My daughter’s school holds “Taste Test Tuesday,” in which students sample a piece of exotic or an unknown food. The idea is to encourage the students to try something new on occasion; to let them out of the rut of eating the same food every day. The real object, of course, is to encourage healthy alternatives in their normal diet.
One Tuesday they tried pomegranate. The reaction was interesting. Some students told my daughter the taste was somewhere between grapes and oranges. Another asked if a person should eat the seeds as well.
The fruit has an ancient history. Cultivation of pomegranates has been traced to prehistoric times, probably originating in ancient Persia. They are mentioned several times in the Old Testament under the name of “rimmon,” which is of Arabic origin – Arabic word for pomegranate is “rimmon.”
The ancient Phoenicians used pomegranates for their religious rituals. They also were mentioned twice in Homer’s “Odyssey.” The French word “pomme” means apple, and the word pomegranate translates to “apple with many seeds.” It thus is associated with procreation. Aphrodite, the goddess of love, supposedly planted the first pomegranate tree so it could spread throughout the world.
My father, a farmer in Syria, has planted pomegranate trees as a fence around his property. He thought of selling the fruit until he learned field mice had chewed out a small hole in the skin and had eaten all the fruit inside, leaving only the beautiful shell – with a small hole in it. He became crabby trying, unsuccessfully, to outsmart the mice. My mother then secretly sent my younger brother to the market to buy pomegranate fruit that she then would give to my father, telling him it came from his trees.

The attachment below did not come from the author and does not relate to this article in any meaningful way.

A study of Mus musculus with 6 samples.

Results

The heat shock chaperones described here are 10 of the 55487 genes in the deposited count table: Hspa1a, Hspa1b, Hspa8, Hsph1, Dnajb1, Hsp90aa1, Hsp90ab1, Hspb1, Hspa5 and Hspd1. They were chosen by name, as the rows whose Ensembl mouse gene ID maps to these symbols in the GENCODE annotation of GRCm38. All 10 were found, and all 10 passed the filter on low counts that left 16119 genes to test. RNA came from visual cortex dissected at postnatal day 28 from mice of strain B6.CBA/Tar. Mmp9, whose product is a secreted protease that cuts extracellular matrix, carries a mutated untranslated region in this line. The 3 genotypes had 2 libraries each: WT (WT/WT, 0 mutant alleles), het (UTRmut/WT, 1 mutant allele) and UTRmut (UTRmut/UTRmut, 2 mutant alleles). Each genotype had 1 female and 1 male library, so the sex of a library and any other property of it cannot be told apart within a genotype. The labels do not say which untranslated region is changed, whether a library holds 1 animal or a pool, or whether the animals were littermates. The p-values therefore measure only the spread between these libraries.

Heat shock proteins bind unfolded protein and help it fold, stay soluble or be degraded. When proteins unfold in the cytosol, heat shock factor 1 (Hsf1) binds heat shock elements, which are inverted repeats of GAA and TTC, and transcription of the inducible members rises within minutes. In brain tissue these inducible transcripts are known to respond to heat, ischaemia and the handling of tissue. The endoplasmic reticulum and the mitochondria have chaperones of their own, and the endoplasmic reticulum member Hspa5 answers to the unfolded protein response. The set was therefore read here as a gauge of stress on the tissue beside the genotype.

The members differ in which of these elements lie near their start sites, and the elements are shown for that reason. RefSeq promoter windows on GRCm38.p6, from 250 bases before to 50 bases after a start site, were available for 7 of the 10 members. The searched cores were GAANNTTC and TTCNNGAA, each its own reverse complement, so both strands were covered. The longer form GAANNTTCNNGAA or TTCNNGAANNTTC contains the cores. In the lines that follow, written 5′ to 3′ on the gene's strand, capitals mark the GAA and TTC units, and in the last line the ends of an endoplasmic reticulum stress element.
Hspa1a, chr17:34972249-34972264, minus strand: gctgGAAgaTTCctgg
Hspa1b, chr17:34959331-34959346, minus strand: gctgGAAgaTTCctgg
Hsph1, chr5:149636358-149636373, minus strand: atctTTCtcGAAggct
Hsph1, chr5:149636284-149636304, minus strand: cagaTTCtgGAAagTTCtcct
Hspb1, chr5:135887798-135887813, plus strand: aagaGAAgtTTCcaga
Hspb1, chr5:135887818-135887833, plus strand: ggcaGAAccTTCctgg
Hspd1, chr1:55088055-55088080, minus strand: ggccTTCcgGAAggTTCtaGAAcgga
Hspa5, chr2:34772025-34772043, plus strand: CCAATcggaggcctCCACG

In the past, people would create pomegranate molasses out of the fruit because that was the only way to preserve it. In more recent times, manufacturers has pressed the fruit into juice, which is an expensive but tasty item in supermarkets. Pomegranate molasses is used to make sauces, cure meat and flavor marinades.
Pomegranates are finally getting the respect they deserve aroud the world. They are tastey and healthy. Research has shown they have a compound that prevents blood clots. The fruit can help lower the bad cholesterol, LDL, and blood pressure, and a 2004 study suggests pomegranate juice discourages the growth of prostate cancer.
By the way, you could eat the seeds, unless you have diverticulitis.
Here is a recipe for a sauce for grilled vegetables or fish made from pomegranate molasses:
Pomegranates and tahini sauce
makes 2 cups
1/2 cup pomegranate molasses
1/4 cup tahini*
1/4 cup lemon juice
1/2 cup olive oil
4 cloves garlic, mashed
1/2 teaspoon ground cumin
1/2 teaspoon ground coriander
1/2 teaspoon cayenne pepper
Zest of 1 lemon
Salt to taste
Whisk all ingredients together into a smooth paste. If the sauce is too thick, add a couple tablespoons of water. Makes about two cups.
*Tahini is pureed sesame seed paste, available at most grocery and health food stores.